You Can't Keep it All. How to Deal with Memorabilia
“Junk is the stuff of our lives.”
As I was cleaning out my attic the other day, I came across old birthday cards, my high school letter jacket, a long outdated dress from my honeymoon and a collection of record albums – even though I have no turntable on which to play them!
Sentimental objects like these instantly stir up fond memories from years ago and transport us back in time. Sometimes we hang onto things because of the person who gave it to us. We may even remember the specific day we got it. It’s common to hold onto mementos like these. These are things we treasure and can’t imagine letting go because they have become a part of us.
It’s easy for sentimental clutter to pile up over the years. If you find it difficult to let go of your treasured keepsakes, you’re not alone. When you are ready to downsize and declutter, grab that box and consider the following:
Does holding that object give you that same surge of emotion that you had when you first got it?
Are you keeping it out of habit because you have held onto it for so many years?
Know that if you decide to get rid of an object, you will still get to keep the memories forever.
Here are 5 ways to reduce the amount of memorabilia and still retain the memories:
Make a digital memory book or scrapbook
Take pictures of your treasured items and things you don’t have room for anymore.
Repurpose your collectibles
Make a quilt out of old t-shirts, jerseys or travel brochures. A friend of mine took pictures of all of the playbills she has kept and had them made into a quilt. There are several companies that can do that for you.
Turn an heirloom necklace or ring into a piece of jewelry you can wear. Upcycle an old piece of furniture into a side table or serving tray.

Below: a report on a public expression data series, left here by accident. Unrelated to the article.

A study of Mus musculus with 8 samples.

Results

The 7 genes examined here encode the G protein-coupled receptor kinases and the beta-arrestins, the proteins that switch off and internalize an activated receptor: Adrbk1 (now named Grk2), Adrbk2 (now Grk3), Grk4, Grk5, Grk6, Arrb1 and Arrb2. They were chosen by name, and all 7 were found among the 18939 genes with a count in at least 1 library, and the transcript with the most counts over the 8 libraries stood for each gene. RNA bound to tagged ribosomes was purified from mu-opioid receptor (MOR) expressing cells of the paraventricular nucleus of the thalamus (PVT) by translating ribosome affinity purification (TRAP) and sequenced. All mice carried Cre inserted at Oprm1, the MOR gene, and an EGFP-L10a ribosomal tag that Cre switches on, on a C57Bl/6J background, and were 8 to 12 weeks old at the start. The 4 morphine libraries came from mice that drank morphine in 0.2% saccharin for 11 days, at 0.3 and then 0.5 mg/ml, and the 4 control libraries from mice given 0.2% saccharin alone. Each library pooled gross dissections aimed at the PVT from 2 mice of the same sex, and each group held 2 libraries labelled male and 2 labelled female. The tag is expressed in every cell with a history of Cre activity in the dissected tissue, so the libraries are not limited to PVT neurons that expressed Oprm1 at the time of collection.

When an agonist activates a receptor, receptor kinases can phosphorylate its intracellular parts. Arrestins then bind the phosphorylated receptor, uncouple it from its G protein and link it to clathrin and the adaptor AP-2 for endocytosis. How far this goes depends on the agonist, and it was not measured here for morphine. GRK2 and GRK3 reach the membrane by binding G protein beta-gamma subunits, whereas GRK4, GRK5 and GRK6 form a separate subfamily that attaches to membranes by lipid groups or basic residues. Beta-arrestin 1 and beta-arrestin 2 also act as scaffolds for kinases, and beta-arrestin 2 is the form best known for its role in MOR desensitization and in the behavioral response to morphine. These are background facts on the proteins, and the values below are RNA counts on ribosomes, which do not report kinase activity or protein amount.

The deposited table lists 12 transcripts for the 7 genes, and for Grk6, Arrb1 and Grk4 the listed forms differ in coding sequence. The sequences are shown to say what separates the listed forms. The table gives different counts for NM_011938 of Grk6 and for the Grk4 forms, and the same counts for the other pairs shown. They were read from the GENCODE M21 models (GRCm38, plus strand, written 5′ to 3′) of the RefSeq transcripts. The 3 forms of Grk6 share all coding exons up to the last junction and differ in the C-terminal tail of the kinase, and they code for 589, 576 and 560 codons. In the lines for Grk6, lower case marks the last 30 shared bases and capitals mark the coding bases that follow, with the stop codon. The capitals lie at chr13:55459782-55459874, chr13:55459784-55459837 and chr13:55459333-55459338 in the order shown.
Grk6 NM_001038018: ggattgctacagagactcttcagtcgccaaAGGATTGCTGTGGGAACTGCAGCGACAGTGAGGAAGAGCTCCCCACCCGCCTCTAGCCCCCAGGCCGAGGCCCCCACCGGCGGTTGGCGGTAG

Display them on a wall and create a great conversation starter
Hang record albums, vintage instruments, an old pair of skis or frame a treasured piece of clothing to instantly bring personality into a room.
Pass it on
Donate the clothes to a charity or ask family members if they would like to have it.
Make it easy for family members
For personal mementos that only have meaning to you, label a box with the words, “toss this box if I die” so your family members won’t have to go through and decide what to keep or toss.
Let go of guilt
Give yourself permission to let go of your grandmother’s china that you will never use or just keep one teacup. Let go of gifts that aren’t your style, framed family photos and other clutter that has collected over the years. If you are not using or don’t love the item, it is simply taking up valuable space in your home.
When you are ready to let go, check out this link to find websites and apps that will help you sell your new or used items:
Keeping things for sentimental reasons is perfectly fine and completely normal. Deciding what to keep and what to throw away or donate can be tough. Give yourself plenty of time and take breaks along the way. As you are sorting through your memorabilia, you can still achieve peace of mind knowing that even though the physical things are gone, the enduring memories will always safely stay in your mind.
What we hold onto through the years tells our story. What do you have that you just can’t throw away?